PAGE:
Several months ago, I came across an article on titled, "Six Financial Milestones before Thirty." The article explained that by our third decade, for most of us, life is well underway, with about half of all Americans married and most having children.

But whether in the third, fourth, fifth or more advanced decade of your life, the fundamental rules and milestones mentioned in that article can help every person.

And more importantly, it occurred to me that these six financial rules can be applied as valuable principles for all areas of life.

So here they are:

Scale Back the Credit Card

Many of us "live on credit" in our psychological and spiritual lives tooMany people are credit-carding it up. But Sarah Young-Fisher, author of the "The Complete Idiot's Guide to Personal Finance in Your 20s and 30s," says that a thirty year old needs to be "living on your pay check." You should be getting by without taking on credit card debt and saving at least 10% of your total salary for the future.

Many of us "live on credit" in our psychological and spiritual lives too. We borrow time, energy or resources from meaningful pursuits, and "purchase" instead the temporal, material and trivial—without building up a strong emotional or spiritual foundation.

Even in the daily grind of life, meaningful time spent bonding with family, children or friends, or special time dedicated to your inner soul should never be squandered.

Living on credit, without a healthy balance, it too expensive. The debt eventually catches up with you and robs you of your inner serenity.

Own a Home—or have a plan

Young-Fischer says that home ownership should be a top priority. As well, when you do buy, she says, "buy what you can afford, not what you love."

A home is where you feel comfortable to be yourself. It's the place that you can let your hair down and throw off your heels. It's a place which is uniquely and exclusively you, furnished according to your personality, your likes and dislikes.

Owning your own home – or having a plan to own it, figuratively and spiritually – means setting down roots.

Surround yourself with an environment that is conducive to your spiritual goals, a place that is a safe oasis from the pressures, struggles and divisiveness of the outside world.

Start slowly, buy what you can afford, but keep in mind how you'd like to grow, at your own pace, into someone that you will love even more.

Have Skills

Even for those who do not consider themselves entrepreneurs, most workers should expect multiple changes in employers and job titles throughout their careers. "Develop a set of marketable skills," says Gregg Fisher, founder of a N.Y. financial firm.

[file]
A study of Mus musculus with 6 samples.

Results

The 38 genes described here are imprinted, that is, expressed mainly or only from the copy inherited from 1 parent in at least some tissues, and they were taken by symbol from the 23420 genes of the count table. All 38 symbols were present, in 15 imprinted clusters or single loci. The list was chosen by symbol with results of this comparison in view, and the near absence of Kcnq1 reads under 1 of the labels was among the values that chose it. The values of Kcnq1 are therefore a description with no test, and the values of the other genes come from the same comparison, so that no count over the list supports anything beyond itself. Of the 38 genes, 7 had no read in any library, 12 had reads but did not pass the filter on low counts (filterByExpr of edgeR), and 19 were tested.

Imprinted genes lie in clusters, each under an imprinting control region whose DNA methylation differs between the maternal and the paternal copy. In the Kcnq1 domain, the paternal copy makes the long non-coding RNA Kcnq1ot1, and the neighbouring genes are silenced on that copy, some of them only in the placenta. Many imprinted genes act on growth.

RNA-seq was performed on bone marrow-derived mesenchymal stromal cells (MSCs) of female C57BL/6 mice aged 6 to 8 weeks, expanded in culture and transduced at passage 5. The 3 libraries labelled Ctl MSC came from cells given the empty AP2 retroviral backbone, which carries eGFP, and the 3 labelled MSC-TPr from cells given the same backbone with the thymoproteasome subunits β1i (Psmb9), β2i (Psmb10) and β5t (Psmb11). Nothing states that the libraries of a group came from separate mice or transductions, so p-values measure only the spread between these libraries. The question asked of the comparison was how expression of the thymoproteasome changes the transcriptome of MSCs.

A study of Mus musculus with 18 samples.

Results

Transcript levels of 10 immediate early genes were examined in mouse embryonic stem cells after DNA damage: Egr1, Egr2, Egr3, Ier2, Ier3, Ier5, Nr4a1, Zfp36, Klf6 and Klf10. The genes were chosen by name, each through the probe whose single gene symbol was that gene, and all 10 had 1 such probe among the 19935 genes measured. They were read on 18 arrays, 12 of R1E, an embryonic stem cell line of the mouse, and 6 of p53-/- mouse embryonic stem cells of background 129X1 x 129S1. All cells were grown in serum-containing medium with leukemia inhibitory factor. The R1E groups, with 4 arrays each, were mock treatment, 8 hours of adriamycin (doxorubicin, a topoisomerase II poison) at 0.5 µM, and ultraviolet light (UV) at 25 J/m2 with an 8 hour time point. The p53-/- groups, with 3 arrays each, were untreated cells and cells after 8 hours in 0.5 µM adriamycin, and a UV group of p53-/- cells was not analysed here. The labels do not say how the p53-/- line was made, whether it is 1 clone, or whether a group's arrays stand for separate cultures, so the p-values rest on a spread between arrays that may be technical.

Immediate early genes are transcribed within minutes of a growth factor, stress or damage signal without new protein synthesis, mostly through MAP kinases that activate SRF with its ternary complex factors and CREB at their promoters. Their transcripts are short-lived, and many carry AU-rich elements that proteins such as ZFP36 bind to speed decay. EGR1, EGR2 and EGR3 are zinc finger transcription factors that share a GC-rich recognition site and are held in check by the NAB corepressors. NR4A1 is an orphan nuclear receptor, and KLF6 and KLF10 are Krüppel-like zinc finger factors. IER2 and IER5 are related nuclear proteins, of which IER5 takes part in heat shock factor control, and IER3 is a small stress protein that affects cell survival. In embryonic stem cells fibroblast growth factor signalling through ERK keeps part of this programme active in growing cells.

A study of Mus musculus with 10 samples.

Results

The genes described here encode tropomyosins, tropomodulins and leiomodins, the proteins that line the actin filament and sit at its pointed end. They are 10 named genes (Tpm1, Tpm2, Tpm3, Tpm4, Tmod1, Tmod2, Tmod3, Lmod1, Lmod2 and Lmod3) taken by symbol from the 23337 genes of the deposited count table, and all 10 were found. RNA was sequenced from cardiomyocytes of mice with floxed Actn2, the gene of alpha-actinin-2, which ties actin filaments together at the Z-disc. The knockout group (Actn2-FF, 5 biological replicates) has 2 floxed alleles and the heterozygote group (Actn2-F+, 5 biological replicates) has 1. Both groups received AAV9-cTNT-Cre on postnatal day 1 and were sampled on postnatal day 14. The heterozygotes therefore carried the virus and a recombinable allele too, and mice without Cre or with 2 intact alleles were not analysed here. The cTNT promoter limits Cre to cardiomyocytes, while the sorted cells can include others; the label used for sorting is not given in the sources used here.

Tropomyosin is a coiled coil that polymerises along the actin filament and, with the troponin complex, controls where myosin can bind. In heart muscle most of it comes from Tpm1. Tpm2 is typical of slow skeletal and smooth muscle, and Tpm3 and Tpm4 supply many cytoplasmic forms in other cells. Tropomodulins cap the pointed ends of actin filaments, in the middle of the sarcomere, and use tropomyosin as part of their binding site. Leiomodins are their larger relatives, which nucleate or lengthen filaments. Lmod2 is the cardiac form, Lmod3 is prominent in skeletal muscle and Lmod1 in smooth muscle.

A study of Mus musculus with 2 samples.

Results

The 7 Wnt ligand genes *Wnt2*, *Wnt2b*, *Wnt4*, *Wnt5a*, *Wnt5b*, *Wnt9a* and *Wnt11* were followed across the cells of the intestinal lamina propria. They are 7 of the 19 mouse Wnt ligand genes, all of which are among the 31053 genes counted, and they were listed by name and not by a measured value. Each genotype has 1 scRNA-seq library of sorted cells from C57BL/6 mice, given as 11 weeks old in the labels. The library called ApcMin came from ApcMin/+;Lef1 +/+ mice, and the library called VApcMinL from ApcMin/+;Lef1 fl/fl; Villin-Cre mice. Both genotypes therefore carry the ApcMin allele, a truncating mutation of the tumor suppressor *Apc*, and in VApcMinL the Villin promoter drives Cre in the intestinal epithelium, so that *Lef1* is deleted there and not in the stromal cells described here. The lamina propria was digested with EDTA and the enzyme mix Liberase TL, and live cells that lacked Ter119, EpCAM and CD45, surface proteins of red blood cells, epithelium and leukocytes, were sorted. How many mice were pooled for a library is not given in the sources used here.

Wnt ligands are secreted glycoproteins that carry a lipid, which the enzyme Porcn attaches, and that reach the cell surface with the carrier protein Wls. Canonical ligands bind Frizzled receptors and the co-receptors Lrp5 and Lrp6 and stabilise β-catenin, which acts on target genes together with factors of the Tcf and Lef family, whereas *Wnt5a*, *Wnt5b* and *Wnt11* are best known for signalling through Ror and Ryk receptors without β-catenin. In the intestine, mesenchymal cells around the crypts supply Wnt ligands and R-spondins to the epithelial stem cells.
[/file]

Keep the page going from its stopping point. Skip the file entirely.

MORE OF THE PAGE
In life, changes constantly come our way. Good ones and bad ones. We usually can't avoid most of life's storms, but we can prepare and strengthen ourselves inwardly to help us weather through them.

Expand and develop your spiritual skills to deal with, or embrace these changes. Don't look at your religious identity as stagnant, or your spiritual maturation as "in the box." Explore new ways to constantly grow as a person and to grow in your relationship with your Creator.

Give Money Away

"Establish a regular charitable giving plan," says Scott Hanson, author of "Money Matters: Essential Tips and Tools for Building Financial Peace of Mind."

Hanson believes that we are an emotionally deprived nation that spends to feel good. "When we feel down, we head to the mall."

But it's "financially healthy to give." The good vibes one feels from giving to a cause can also create that feel-good factor, even more than that 80% discounted cashmere sweater.

Giving helps us to become who we are meant to beCharity is the one commandment that regarding which G‑d says, "Test me on this one! I promise you that if you give to others in need, I will repay you for your giving tenfold!"

Whether it is giving of your money, time, energy or resources, giving is enriching. Giving helps us to become who we are meant to be. And its emotional, spiritual and financial paybacks are additional incentives making it worth our while and "healthy to give."

Know Thyself

Having a firm grasp on your priorities and values is one critical component of a healthy financial life. Is impressing your friends one of your values? So why do you feel the need to have an expensive leased SUV in your driveway?

"People get so caught up that their goal becomes having another zero before they go," Hanson says. "Money is not the most important thing. You'll never have any fun with it if it is."

Knowing yourself means looking into the proverbial mirror and becoming in tune with your spiritual goals. It means not needing to impress others. It means not defining yourself by your external circumstances. It means realizing your essential worth as a creation of G‑d.

And it means discovering who you are—and who (not what) you can be.

Know Smart People

"It is important to have strong advisers in your life," Young-Fisher says. Knowing a good tax preparer, financial adviser, attorney and insurance agent can save you untold amounts of money and stress.

Just as it is important to have good financial advisers, it is even more essential to know emotionally intelligent and spiritually "smart people."

"An imprisoned individual cannot set himself free," say our Sages.

Often we cannot release ourselves from a challenging situation or a spiritual or emotional rut. We are too caught up in our situation to see beyond it. Seek an expert—a mentor, guide or true friend who can be an invaluable source, a great listening ear and a reservoir of wisdom in helping you find the direction you need.

So, it turns out that the "six financial milestones before thirty" aren't only financial, and aren't only for thirty-year-olds. But these milestones are six wise principles for leading spiritually meaningful, successful—and enriching—lives.

And in today's economic climate, that's definitely something worth investing in.